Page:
When it comes to immigration, Senator John Cornyn (R-TX) is, once again, running the “Cornyn Con.” It’s the same playbook he’s followed in 2006, 2007, 2010, 2013 and 2018. It goes like this:
- Step one: Cornyn positions himself as a player and a potential dealmaker in bipartisan immigration negotiations;
- Step two: Cornyn proposes the outline of a deal and a way forward; this makes him look like he wants to get to yes and attracts positive press attention; but the “offer” is purposefully designed to get Democrats to say no;
- Step three: Cornyn declares he’s operating in good faith, but Democrats are being partisan; he makes an ultimatum that unless he gets his way, there will be no progress;
- Step four: Cornyn loudly calls out Democrats; he blames them for “blowing up bipartisanship,” all the while high-fiving with McConnell and Cruz and others in the back room for getting to no and “both-sidesing” the blame game.
Cornyn just launched Step Two.
Senator Cornyn and his wingman, Senator Thom Tillis (R-NC) recently sent a new letter to Senate Judiciary Chair Dick Durbin (D-IL). It calls for immigration legislation to include only those with “active” status under DACA (an estimated 650,000 young immigrants, not the 3 million called for in the Dream and Promise Act passed by the House of Representatives earlier this year). And it calls for an “open amendment process” that would allow proposals regarding “border security, interior enforcement and employment verification.”
Here’s our translation: See how much we care? Given that most Americans – indeed, most Republican voters – support a path to citizenship for Dreamers, we have to say yes to something. So we’ll offer to protect the smallest group possible – current DACA recipients – but none of the following: Dreamers excluded from DACA by Trump’s attempt to end the program; Dreamers now caught up in growing backlogs at USCIS; Dreamers who either were not made eligible or could not afford the original DACA program; nor TPS holders, farm workers and other essential workers included in Democratic proposals. And in exchange for pretending to want to get to yes, we want an open amendment process on enforcement measures in hopes of subjecting swing-state Democrats up in 2022 to tough votes.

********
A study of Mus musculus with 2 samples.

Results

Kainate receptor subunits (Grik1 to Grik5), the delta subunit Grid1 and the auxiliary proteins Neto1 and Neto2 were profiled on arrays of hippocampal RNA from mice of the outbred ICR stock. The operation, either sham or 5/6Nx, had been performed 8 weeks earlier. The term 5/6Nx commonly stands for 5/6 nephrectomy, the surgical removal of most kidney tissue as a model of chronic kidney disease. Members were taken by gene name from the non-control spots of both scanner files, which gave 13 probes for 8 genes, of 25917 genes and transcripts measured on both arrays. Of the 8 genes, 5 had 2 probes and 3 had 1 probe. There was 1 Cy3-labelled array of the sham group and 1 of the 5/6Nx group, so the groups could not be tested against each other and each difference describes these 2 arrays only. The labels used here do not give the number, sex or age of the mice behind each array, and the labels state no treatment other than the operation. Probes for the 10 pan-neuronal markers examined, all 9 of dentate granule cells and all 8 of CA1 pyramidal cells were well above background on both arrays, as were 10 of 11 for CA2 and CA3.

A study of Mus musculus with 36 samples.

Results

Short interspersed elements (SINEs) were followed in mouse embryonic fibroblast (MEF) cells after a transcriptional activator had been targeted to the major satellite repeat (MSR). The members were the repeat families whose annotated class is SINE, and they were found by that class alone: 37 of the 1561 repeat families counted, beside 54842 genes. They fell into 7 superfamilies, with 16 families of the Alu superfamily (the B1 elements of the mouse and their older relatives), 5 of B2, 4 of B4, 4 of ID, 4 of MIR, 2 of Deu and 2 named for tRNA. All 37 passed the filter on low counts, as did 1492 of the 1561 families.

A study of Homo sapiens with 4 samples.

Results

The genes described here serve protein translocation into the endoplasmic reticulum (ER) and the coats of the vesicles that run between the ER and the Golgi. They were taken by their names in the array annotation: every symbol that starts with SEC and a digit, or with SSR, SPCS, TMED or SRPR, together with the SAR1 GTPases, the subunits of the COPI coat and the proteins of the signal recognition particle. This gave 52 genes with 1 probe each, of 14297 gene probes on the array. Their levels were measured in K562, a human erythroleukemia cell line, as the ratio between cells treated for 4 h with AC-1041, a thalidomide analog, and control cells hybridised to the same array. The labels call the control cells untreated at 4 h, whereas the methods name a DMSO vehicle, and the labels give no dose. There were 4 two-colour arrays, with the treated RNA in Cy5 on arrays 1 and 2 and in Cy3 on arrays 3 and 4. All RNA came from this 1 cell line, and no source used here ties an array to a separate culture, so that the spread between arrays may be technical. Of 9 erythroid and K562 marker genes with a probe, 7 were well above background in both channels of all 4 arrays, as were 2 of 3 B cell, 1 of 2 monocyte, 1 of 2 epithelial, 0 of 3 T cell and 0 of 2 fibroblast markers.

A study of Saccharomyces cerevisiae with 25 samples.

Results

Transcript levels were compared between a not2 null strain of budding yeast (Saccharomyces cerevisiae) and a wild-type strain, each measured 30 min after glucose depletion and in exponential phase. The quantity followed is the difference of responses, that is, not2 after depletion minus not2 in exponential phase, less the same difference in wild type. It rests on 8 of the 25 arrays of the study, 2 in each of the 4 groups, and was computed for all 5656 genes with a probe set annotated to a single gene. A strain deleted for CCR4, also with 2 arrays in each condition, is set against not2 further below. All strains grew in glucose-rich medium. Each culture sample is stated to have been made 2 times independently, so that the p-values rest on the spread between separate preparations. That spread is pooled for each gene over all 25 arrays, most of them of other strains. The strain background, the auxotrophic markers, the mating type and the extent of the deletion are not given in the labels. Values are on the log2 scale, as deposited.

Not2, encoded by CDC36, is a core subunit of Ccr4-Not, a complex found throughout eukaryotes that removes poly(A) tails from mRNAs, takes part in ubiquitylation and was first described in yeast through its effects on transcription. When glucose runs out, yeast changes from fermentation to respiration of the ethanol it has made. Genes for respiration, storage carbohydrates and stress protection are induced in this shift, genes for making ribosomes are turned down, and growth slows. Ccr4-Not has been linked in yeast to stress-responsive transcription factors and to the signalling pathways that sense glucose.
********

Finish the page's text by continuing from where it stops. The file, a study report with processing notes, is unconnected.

Cornyn knows that this is an unacceptable opening policy offer, and he tops it with demands for a process that will result in either unacceptable poison pills being added or 30 second attack ads being cut.
Last month, Senator Cornyn had this to say about legislation to deliver citizenship for Dreamers, TPS holders and essential workers: “Radical policies that reward illegal immigration will not pass the Senate, and it’s unfair for the DACA recipients to tie their fate to such ill-considered legislation.” These supposedly “radical” policies are favored by voters 80-12% and by Republican voters 55-36%.
According to Frank Sharry, Executive Director of America’s Voice:
There he goes again. Senator Cornyn has one play, consisting of four steps. This week he’s initiating Step Two of Cornyn Con. He’s not setting up a bipartisan breakthrough, he’s setting up a partisan blame game.
When he came to town some 17 years ago, he convinced many of us he wanted to get to yes on immigration reform. But then he showed his true colors, again and again and again. Imagine if Cornyn had been sincere and gotten to yes when it counted. Millions of immigrants would be citizens today. Millions of families would be whole. Our nation would be stronger.
But he never did get to yes, and he won’t get to yes in this Congress. Cornyn and the Republicans don’t want to pass immigration reform this year, they want to run against immigration next year. McConnell, Cornyn and Senate Republicans want one thing above all else: the power to impose the will of their minority on America’s multiracial majority.
So, Democrats, you have the majority. You’re in charge. Use every tool and every ounce of power to achieve a breakthrough that formally recognizes undocumented immigrants as the Americans they already are. Given the ongoing attacks on our fragile democracy, it might be the last chance to do so.